McDonald’s to curb antibiotics use in chicken supply

By , on August 25, 2017


FILE PHOTO/ Since 2013, McDonald’s has continued its policy on antibiotic use in food animals as antibiotic resistance is “important issue for people and animals.” (Photo: Mike Mozart/Flickr)
FILE PHOTO/ Since 2013, McDonald’s has continued its policy on antibiotic use in food animals as antibiotic resistance is “important issue for people and animals.” (Photo: Mike Mozart/Flickr)

McDonald’s said it will begin globally implementing a new chicken antibiotics policy in markets starting in 2018 to limit antibiotic resistance to drugs and increase of superbugs.

In 2016, the company said they committed to serve broiler chicken not treated with antibiotics that are important to human medicine called Highest Priority Critically Important Antimicrobials (HPCIA) defined by the World Health Organization (WHO).

“Starting in 2018, we will begin implementing a new broiler chicken antibiotics policy in markets around the world…To make sure this policy can be effectively implemented, we are taking a tiered approach”, it said.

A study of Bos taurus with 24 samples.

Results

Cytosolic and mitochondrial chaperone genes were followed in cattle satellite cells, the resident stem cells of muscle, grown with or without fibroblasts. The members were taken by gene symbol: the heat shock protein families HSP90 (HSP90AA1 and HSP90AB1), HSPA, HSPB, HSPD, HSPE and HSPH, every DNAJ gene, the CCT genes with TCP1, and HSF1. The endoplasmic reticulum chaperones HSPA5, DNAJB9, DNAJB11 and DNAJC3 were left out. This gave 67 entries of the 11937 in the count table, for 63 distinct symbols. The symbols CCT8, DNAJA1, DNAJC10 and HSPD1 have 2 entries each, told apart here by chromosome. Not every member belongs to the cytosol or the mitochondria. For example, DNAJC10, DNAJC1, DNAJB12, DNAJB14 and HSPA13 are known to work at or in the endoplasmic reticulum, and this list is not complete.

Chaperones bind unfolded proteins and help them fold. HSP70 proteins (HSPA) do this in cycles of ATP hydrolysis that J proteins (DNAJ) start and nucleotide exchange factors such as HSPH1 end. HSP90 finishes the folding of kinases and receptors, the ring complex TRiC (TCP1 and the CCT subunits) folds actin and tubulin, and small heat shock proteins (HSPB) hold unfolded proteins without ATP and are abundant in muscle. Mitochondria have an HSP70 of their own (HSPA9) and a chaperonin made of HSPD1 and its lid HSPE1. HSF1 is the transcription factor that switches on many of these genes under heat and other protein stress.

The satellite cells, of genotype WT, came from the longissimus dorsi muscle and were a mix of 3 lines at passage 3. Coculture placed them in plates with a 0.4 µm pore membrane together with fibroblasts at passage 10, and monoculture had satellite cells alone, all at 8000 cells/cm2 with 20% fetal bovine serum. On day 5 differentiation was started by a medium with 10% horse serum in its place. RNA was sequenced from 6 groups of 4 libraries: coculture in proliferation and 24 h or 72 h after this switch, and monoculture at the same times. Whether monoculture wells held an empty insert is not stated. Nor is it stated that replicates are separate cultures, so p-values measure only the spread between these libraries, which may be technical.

The company also said HPCIAs will be removed in broiler chicken for Brazil, Canada, Japan, South Korea, United Sates and Europe, excluding Colistin for Europe only.

By the end of 2019, same strategy will be adopted for Australia and Russia, with Europe taking out Colistin.

The conglomerate added their goal before January 2027 is to implement the removal of HPCIAs in all other designated markets around the world.

“We view this progress as significant milestones in our food journey, where we can achieve impactful change on a key issue, and we feel that these timelines give McDonald’s and suppliers the ability to set credible, achievable goals”, it noted.

Since 2013, McDonald’s has continued its policy on antibiotic use in food animals as antibiotic resistance is “important issue for people and animals.”

The company released this year an update to our Global Vision for Antibiotic Stewardship in Food Animals (VAS) which seeks to preserve antibiotic effectiveness in the future through ethical practices today.

“As a framework for antibiotic stewardship, the VAS seeks animal production practices that reduce, and, where possible, eliminate the need for antibiotic therapies in food animals, by adopting existing best practices and/or new practices,” it said.

“With that said, we understand that animals, like people, get sick and require treatment.  Treating sick animals is consistent with McDonald’s long-standing commitment to animal health and welfare and to improve the lives of animals in our supply chain.  Engaging farmers, producers and veterinarians in the responsible use of antibiotics is key to our vision of preserving antibiotic effectiveness through ethical practices,” it added.